The SARS-CoV-2 virus inserts itself into the membrane of a host human cell using a small part of its spike protein (yellow), called a fusion peptide. Computer simulations revealed the parts of peptide that are the most important for sticking to and inserting into the cell membrane. This illustration shows the fusion peptide (in blue) as it approaches, sticks to, and inserts into the membrane (brown, orange and gold). Courtesy of Defne Gorgun
If the coronavirus were a cargo ship, it would need to deliver its contents to a dock in order to infect the host island. The first step of infection would be anchoring by the dock, and step two would be tethering to the dock to bring the ship close enough that it could set up a gangplank and unload. Most treatments and vaccines have focused on blocking the ability of the ship to anchor, but the next step is another potential target. New research by Defne Gorgun, a graduate student, and colleagues in the lab of Emad Tajkhorshid at the University of Illinois addresses the molecular details of this second step, which could inform the design of drugs that block it. Gorgun will present her research at the 65th annual meeting of the Biophysical Society to be held virtually.
In order to infect our cells, the virus that causes COVID-19, SARS-CoV-2, first attaches a molecule on our cell surface, but then it has to fuse with human cells. Before the pandemic, Gorgun was studying the interactions of molecules that stick to and insert into cell membranes, and when COVID-19 began to spread, Gorgun quickly pivoted her studies to understand how SARS-CoV-2 fused with cells.
A small region of the SARS-CoV-2 outer spike protein called the "fusion peptide," inserts itself into the human cell membrane to begin the fusion process. Scientists knew the location and approximate shape of the fusion peptide; however, they did not know exactly how it interacted with and penetrated into the human cell membrane and whether there would be changes in its shape when it stuck to the membrane. Without knowing the three-dimensional interactions between the SARS-CoV-2 fusion peptide and the cell membrane, it is not possible to design drugs that specifically disrupt that interaction.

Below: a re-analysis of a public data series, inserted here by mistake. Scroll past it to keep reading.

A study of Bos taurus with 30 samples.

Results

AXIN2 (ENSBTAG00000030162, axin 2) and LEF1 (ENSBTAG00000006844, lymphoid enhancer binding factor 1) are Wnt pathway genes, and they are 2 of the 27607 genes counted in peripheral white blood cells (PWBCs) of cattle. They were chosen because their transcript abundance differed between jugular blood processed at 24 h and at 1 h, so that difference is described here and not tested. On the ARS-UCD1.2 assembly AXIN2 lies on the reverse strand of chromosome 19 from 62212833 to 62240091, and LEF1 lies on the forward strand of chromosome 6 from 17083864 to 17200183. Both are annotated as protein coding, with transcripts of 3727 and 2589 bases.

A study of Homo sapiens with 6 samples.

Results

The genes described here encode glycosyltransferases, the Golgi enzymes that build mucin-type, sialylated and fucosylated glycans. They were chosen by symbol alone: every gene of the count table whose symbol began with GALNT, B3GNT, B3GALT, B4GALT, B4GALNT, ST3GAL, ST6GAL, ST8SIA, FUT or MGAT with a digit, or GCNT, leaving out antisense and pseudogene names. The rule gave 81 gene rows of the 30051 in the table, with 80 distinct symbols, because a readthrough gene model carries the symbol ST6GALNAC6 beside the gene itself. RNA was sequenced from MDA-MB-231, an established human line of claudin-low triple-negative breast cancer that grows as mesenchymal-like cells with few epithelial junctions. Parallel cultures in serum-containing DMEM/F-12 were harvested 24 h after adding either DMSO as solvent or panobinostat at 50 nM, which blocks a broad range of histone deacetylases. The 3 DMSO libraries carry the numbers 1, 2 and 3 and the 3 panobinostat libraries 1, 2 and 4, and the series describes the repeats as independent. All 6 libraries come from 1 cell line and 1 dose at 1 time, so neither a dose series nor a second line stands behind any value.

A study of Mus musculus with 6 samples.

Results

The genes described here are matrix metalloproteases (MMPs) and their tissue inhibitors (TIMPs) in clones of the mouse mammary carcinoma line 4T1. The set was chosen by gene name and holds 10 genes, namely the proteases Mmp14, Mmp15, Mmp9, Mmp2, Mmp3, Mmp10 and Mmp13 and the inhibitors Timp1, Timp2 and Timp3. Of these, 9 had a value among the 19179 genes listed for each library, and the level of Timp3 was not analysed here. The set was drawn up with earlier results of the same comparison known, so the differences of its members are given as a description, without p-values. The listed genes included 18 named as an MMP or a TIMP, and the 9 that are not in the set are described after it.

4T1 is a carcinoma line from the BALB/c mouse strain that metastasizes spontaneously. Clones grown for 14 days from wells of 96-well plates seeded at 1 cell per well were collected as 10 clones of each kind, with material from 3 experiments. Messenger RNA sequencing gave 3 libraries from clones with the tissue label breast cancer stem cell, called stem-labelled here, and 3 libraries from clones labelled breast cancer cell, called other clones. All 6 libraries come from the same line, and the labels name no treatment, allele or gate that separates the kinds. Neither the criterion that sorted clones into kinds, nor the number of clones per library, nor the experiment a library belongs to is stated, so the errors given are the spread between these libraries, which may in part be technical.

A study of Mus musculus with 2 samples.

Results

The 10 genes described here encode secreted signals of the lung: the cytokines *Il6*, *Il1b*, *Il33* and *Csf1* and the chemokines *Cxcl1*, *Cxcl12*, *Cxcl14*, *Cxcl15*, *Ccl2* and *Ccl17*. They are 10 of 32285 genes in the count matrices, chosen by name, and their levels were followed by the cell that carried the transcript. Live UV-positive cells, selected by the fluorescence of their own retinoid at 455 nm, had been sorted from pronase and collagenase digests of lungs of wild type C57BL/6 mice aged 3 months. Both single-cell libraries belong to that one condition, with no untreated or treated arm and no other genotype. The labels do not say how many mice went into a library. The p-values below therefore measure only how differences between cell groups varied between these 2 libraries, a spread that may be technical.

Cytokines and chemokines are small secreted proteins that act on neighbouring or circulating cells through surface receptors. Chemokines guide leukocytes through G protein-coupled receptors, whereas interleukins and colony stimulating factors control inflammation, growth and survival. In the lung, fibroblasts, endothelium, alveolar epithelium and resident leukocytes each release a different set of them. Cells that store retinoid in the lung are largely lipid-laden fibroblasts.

Using computer simulations, the team merged what is known about the SARS-CoV-2 fusion peptide with the established three-dimensional structures and behaviors of other coronavirus fusion peptides and simulated its interaction with a model human cell membrane. Their simulations reveal how the SARS-CoV-2 fusion peptide interacts with, and penetrates, the cell membrane. "Our study shows which parts of the fusion peptide are important and how it sticks to and sits in the membrane," Gorgun says.
Because their model is theoretical, the next step is to repeat their computer experiments in the lab with pieces of SARS-CoV-2 and cell membranes. But having already revealed parts of the fusion peptide that are likely to be critical to its function, those experiments will likely be completed faster and more efficiently. After that, Gorgun says, it will be possible to start testing drugs that disrupt the interaction and could help block SARS-CoV-2 from docking at our cells.